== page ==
Linville taking cautious approach at start of term as Bellingham mayor

Bellingham Mayor-elect Kelli Linville, center, lunches with Barry Buchanan, right, and Stan Snapp at Bayside Cafe on Wednesday Nov. 16, 2011 in Bellingham.
Bellingham Mayor-elect Kelli Linville, center, lunches with Barry Buchanan, right, and Stan Snapp at Bayside Cafe on Wednesday Nov. 16, 2011 in Bellingham. THE BELLINGHAM HERALD

BELLINGHAM - Mayor Kelli Linville plans to spend much of her first 60 days in office meeting with department heads to take stock of city government services before she launches any major initiatives.

Linville, whose four-year term in office began with the new year, said she wants to get a better handle on the city's financial outlook, so she can set realistic goals.

"You won't see me making pronouncements about what I'm going to do in the first 100 days, until I know what the city can do in the first 100 days," Linville said.

Linville wants to reorganize the mayor's office. She doesn't expect to replace Chief Administrative Officer David Webster when he departs at the end of January. She prefers to have executive assistants, rather than a second-in-command who made a salary of about $123,000 per year, or about $3,000 less than the mayor.

"I'm not going to be having a quasi-city manager," Linville said. "We're not going to pay two people to be the mayor."

She does expect to appoint a community liaison specialist to improve communications between City Hall and citizens.

Linville also expects to reverse the locked-door policy instituted by her predecessor, Dan Pike, for the mayor's office and other City Hall departments.

"We want it to be a customer-friendly place," she said.

As Linville sees it, there are some troubling unknowns in the city's financial picture. She is especially worried about the city-owned six-acre waterfront parcel, generally known as the Haley property, that was the site of a plant that manufactured treated wood beams for utility pole crossbars. Toxic preservative chemicals contaminate much of the site.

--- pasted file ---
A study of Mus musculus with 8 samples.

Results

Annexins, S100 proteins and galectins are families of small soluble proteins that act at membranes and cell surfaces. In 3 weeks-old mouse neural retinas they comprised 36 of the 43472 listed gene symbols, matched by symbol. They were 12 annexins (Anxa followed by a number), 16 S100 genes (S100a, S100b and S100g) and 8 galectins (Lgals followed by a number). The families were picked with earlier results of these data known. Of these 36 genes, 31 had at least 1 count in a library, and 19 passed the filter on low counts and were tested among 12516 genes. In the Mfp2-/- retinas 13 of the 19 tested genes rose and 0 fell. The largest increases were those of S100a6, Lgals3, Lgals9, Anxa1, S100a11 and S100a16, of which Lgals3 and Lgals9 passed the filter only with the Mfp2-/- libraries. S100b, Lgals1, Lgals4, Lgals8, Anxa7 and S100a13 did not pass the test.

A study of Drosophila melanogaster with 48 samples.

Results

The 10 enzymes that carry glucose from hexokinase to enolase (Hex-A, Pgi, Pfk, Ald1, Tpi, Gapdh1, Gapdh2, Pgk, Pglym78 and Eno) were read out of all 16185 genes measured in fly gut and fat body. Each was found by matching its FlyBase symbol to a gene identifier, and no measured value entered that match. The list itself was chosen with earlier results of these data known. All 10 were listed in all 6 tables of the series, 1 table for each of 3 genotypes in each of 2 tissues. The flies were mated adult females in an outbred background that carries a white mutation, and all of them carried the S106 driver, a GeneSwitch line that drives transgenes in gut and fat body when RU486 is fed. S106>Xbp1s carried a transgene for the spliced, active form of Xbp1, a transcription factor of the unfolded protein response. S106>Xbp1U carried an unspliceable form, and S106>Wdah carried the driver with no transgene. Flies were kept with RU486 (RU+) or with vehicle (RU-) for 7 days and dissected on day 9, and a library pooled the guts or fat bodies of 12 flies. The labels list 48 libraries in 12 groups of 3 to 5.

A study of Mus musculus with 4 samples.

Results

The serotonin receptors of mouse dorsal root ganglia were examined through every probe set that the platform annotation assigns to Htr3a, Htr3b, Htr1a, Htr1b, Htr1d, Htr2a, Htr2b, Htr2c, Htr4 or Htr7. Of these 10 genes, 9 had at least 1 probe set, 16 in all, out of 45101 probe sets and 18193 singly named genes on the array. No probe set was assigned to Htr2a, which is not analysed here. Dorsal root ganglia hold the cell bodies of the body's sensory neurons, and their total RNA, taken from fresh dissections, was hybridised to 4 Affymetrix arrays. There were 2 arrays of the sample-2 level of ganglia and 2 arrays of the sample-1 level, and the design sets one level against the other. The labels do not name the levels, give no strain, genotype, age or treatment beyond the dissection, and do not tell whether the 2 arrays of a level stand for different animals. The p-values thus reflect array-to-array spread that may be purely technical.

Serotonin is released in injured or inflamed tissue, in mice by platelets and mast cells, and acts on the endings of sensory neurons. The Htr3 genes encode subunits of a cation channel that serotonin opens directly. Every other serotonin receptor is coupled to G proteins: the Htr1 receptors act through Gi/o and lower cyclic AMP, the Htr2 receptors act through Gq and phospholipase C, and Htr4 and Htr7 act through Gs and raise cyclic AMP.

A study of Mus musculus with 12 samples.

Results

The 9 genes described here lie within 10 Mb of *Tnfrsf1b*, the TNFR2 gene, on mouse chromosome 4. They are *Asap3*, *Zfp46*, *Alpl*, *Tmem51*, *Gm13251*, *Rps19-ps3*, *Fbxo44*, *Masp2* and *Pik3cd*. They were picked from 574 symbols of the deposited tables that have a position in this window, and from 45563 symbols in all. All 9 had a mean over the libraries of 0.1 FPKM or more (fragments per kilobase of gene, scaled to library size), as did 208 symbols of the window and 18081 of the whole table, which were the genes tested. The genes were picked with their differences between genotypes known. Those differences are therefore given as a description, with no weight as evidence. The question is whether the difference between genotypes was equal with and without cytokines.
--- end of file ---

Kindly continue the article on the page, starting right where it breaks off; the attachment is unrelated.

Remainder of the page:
In 2009, the City Council approved Pike's proposal to acquire both the site and the responsibility for its cleanup, with the expectation that private development of a portion of that site would cover cleanup costs. Linville is not convinced.

She criticized the purchase during the mayoral campaign, and now she wants firm estimates of both the cleanup costs and the potential development revenue from the property, some of which probably would be set aside as park land.

Linville also wants to get the city refocused on the Bellingham Public Library. Plans for a new main library have been stalled for several years, and Linville plans to devote some energy to the project.

But she's not yet committed to push for a new building. She prefers to focus on how the city meets the need for library services, and the best way of providing those services. Among other things, that means taking a hard look at the cost of a new library.

"We have to look at our operating costs as well as construction costs," Linville said. "I'm focused on services rather than facilities right now."

She also wants to focus on ways to improve the city's revenue picture by encouraging economic development. She said that is preferable to balancing the budget via service cuts or tax increases. Like administrations before her, she is pledging to look for ways to make the city's regulatory process smoother and more predictable for business owners.

Asked about the city's move to evict Occupy Bellingham protesters from Maritime Heritage Park during the final days of the Pike administration, Linville said she didn't want to second-guess the decision to use helmeted, armored police officers to complete the shutdown of the protest camp, if police brass thought those measures were necessary to ensure officer safety.

But she noted that the show of force seemed disproportional, given the peaceful nature of relations between police and protesters up to that point.

"It didn't fit with how the relationship had been going before," she said.

Linville also observed that the city put itself in an awkward position by allowing the protesters to set up camp in violation of city ordinances. She said she would have offered the protesters a temporary camping permit, with clear expectations about what would happen when the permit expired.

She expressed a willingness to discuss the situation with Occupy protesters.

"I want to make purposeful decisions and not just hope things work out OK," Linville said.